Over at Blog PI, they've got the latest story of a Member of Congress getting caught trying to screw around with his entry at Wikipedia. This time, it's Rep. Gil Gutknecht (R-MN), and the headline says it all - "Gil Gutknecht, Fire Your Internet Strategist":

As the Minneapolis Star Tribune reported late last night, Rep. Gil Gutknecht (R) is the latest member of Congress to be caught red-handed trying to rewrite his own Wikipedia entry. Like the others who edited before him — and got busted before him — Gutknecht wanted to eliminate a reference to a broken campaign promise, and so, brilliantly replaced the section with a few hundred words from Gutknecht’s official bio, thereby also making Wikipedia unwitting plagiarists. What it ended up getting him was a whole new subhead about the incident — not to mention the unflattering Strib coverage.

Gutknecht's Wikipedia site, now reverted back to its original text, is here.

As we wrote four months ago here at P&T, Wikipedia just ain't worth it. We'll repeat what we said then:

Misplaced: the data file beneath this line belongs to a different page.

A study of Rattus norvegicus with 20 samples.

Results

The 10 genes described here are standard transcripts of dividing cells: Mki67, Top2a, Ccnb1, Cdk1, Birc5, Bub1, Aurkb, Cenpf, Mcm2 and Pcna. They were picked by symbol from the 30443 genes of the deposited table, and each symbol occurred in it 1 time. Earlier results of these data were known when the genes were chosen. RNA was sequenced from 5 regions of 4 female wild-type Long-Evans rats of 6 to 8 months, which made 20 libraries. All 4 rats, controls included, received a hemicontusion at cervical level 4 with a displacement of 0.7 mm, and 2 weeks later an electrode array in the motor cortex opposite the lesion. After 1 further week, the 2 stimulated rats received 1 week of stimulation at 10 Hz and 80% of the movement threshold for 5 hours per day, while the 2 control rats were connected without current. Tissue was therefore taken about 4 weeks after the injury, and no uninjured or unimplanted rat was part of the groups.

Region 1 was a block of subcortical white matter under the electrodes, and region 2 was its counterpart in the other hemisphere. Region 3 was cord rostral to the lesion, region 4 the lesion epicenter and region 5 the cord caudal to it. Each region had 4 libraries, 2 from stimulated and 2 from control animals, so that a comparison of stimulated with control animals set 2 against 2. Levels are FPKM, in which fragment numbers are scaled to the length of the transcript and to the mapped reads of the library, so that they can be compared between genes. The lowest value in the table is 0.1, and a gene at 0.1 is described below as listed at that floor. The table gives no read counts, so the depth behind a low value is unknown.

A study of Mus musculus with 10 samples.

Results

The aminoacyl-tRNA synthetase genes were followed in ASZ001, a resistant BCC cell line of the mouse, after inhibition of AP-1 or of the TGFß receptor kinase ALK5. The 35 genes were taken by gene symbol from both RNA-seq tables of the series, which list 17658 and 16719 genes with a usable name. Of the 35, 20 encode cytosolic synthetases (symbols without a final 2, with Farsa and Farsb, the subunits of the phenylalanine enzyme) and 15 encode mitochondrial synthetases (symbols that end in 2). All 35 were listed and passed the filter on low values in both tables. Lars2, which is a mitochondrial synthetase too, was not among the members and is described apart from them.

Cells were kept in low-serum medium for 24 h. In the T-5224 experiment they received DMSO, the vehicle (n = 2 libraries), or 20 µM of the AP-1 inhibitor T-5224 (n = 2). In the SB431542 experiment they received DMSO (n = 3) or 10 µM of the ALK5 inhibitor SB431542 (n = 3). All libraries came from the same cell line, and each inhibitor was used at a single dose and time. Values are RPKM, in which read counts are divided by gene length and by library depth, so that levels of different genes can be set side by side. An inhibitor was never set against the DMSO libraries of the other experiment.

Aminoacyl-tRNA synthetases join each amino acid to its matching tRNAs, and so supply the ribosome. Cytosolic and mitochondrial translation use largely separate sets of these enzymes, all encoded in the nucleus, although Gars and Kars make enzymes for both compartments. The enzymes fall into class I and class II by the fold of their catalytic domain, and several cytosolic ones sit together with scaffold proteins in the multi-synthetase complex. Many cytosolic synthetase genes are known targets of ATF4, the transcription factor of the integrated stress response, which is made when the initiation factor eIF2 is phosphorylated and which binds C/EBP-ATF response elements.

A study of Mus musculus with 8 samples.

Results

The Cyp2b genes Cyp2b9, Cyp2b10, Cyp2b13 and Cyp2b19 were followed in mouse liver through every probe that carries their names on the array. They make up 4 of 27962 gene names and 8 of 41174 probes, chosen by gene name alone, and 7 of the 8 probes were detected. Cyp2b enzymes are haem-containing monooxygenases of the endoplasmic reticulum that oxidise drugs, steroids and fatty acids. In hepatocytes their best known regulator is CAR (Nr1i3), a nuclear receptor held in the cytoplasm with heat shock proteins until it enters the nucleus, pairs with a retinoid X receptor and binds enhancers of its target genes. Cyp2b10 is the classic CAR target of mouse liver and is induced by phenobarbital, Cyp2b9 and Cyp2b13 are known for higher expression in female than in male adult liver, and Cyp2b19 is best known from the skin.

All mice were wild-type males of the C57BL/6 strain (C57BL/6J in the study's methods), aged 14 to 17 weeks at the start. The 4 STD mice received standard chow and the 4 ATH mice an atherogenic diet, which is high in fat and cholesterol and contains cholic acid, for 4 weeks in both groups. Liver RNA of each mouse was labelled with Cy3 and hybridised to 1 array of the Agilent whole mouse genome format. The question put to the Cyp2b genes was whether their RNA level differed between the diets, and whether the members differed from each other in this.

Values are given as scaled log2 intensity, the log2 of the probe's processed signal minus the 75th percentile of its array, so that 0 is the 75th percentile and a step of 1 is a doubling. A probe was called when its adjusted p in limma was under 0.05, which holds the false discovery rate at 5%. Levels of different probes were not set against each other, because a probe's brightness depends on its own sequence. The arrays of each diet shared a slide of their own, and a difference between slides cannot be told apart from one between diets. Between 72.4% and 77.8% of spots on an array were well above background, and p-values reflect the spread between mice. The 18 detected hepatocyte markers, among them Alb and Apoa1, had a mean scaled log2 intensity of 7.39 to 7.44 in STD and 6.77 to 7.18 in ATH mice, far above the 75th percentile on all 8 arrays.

Here's the deal -- while it's a tempting target, it really doesn't matter. Do undecided voters visit the Wikipedia sites of candidates? No. All this "warfare" is akin to the lawn-sign wars engaged in by the interns. It's certainly not a prize worth getting fired over. It's not even worth the chance of a negative headline in your candidate's race that makes a campaign manager look like an immature twit.

Every community has rules. You wouldn't go streaking naked through the fancy downtown big-money club wearing only your candidate's bumper stickers. Don't screw around with Wikipedia in nefarious ways.

And yes, it's OK to correct factual errors - but really, seriously, don't get stupid. Rule #1 - don't get fired.